Rufa: Did you hear the one about the rutabaga?

Robert Rufa Columnist

It keeps happening. People stop me in Ingles and tell me they enjoy my column. “Keep it up,” they say. “I’ll try,” I tell them, “but I have an expiration date.”

It happened again on Feb. 18, someone stopping me and saying my column made them laugh.

Inspired, I thought, Maybe I should write a column about Thurber as I motored over to the rutabagas. No, I already did a Thurber column. I mulled over the possibilities as I mulled over the rutabagas. Yeah, I can multi-task. There has to be a column here. I chose a big fat rutabaga and put it in my basket.

As I wove through produce, I pondered other ways to fix rutabaga. I knew exactly one way — simmered in a little no-salt-added chicken broth (oh, don’t get me started on canned chicken broth) until soft and mashed with butter — and maybe Google could offer up some suggestions.

I’ve always been afflicted with a quirky sense of humor, and people don’t always get me. That happened last year, after my column on Columnism appeared and someone said, “I didn’t get it.” But I try not to let a little negativity bother me, and I got over it after a few months of therapy.

I was rolling by the deli counter as I pondered the possibilities of getting a column out of this, wondering simultaneously if I could roast the rutabaga. “Google roast rutabaga” I wrote on the back of my shopping list so I wouldn’t forget. Maybe I should write a column about my failing memory, I thought. No, wait — did that too, pleased that I remembered, and as I browsed the hummus I decided I was lucky to live in a town where not everyone thought humor died with Henny Youngman.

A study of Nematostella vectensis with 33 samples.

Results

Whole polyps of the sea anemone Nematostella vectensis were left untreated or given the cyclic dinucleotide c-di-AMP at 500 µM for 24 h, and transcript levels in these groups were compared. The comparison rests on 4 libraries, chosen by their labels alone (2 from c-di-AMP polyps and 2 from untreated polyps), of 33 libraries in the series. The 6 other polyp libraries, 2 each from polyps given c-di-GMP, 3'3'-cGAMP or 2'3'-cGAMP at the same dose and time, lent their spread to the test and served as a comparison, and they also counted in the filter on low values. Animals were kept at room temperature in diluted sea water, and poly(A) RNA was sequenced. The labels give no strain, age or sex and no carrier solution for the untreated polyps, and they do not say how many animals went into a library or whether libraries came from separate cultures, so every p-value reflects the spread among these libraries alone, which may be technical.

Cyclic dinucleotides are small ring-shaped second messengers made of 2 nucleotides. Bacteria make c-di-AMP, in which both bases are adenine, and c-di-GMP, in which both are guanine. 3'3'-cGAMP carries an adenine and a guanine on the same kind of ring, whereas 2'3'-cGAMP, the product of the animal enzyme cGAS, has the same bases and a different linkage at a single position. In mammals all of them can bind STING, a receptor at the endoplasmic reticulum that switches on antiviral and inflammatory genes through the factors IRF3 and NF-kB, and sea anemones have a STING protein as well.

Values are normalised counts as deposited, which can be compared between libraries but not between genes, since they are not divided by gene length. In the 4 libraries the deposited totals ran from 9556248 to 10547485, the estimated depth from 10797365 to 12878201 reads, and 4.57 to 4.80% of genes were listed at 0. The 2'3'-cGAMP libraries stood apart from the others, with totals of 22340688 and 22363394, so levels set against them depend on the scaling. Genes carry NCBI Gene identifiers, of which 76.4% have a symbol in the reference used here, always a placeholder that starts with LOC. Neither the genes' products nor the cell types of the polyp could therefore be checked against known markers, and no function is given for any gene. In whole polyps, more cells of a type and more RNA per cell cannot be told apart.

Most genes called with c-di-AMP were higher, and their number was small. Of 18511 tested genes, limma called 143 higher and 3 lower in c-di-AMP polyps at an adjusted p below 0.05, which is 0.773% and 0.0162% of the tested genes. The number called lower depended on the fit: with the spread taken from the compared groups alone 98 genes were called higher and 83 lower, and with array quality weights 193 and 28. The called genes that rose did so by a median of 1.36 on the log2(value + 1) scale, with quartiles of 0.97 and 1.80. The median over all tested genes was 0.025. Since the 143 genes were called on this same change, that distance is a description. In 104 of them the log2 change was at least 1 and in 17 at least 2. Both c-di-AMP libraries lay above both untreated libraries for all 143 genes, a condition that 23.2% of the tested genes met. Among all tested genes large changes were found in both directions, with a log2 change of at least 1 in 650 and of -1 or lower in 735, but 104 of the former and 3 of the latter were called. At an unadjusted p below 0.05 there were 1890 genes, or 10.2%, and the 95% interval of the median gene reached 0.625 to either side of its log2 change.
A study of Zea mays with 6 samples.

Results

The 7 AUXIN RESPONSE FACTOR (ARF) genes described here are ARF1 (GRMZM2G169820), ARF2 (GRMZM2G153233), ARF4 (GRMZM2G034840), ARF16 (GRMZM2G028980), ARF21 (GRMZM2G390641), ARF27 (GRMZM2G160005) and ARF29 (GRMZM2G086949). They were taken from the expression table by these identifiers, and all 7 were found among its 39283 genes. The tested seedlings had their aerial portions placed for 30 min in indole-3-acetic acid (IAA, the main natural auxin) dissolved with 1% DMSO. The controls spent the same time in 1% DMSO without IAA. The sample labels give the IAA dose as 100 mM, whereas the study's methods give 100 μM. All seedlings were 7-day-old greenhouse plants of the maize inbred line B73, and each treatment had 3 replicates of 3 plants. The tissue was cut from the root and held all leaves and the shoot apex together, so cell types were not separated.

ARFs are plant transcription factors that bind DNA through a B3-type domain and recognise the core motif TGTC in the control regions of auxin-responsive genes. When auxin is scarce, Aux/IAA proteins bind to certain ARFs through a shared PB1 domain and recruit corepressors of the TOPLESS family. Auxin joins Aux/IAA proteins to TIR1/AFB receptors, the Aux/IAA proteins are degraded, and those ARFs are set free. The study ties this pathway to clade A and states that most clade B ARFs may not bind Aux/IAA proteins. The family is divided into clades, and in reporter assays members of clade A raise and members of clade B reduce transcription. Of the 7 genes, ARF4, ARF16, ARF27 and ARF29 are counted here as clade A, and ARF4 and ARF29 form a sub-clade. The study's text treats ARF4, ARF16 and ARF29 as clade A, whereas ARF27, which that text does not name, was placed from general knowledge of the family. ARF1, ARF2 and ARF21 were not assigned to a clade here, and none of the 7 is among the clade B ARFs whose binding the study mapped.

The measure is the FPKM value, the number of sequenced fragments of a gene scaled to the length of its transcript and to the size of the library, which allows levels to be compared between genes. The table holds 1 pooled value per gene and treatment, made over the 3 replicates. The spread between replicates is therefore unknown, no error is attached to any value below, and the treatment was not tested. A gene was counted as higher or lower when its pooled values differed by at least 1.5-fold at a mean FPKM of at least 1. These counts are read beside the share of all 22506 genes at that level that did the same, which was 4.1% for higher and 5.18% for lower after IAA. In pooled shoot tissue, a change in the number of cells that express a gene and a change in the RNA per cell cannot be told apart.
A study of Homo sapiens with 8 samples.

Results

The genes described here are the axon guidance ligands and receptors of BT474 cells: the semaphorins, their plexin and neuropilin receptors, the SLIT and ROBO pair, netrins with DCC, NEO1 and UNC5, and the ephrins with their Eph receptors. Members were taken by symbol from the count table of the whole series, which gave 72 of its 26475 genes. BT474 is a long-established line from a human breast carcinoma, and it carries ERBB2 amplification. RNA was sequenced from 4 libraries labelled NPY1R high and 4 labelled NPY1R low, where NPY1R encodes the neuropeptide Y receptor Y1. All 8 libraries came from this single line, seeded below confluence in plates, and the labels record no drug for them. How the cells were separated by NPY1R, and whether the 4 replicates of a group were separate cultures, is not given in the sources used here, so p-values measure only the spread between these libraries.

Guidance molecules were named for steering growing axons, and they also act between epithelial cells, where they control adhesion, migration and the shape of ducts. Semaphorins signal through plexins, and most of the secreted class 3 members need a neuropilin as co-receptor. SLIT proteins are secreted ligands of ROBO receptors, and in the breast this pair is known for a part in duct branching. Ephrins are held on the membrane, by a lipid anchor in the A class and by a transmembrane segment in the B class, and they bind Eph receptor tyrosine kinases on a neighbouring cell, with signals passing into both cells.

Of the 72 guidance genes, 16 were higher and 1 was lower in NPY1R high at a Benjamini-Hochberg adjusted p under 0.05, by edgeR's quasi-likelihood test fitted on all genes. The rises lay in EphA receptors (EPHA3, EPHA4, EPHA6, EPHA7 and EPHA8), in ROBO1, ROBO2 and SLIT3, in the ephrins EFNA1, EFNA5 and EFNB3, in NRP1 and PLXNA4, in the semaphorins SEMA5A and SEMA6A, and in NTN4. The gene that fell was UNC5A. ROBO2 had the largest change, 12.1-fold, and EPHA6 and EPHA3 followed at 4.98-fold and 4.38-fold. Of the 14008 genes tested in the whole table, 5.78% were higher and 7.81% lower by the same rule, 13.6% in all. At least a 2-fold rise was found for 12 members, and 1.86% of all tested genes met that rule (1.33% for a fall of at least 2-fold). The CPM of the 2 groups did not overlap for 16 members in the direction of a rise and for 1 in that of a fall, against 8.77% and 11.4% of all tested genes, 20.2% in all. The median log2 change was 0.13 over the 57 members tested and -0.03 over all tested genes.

I cruised over to the antipasto rack and grabbed a jar of my favorite marinated artichoke hearts. I’d made up my mind long ago that I’d never tell anyone I ate marinated artichoke hearts, and yet here I am spilling the beans. I suppose I need a “Real men eat artichoke hearts” bumper sticker now.

After picking up some tomato puree and unsalted chicken broth — homemade tomato soup, minus the turmeric, curry powder, sugar, and lemon juice — I headed to register 6 to check out, where I shared my secret tomato soup recipe with Jully, my regular cashier. She and I have an understanding — I won’t check out at another register, and she won’t bean me with a rutabaga.

To my surprise, Jully jotted down the ingredients. But then she has a good sense of humor too, so maybe she thought she was going along with a joke. But it’s no joke — this is my favorite tomato soup, and if I’m feeling really energetic I make it completely from scratch — a few overripe tomatoes, a chicken carcass, wilted aromatics, and garlic. That’s like making something out of almost nothing.

Which, now that I think about it, is a lot like writing a column.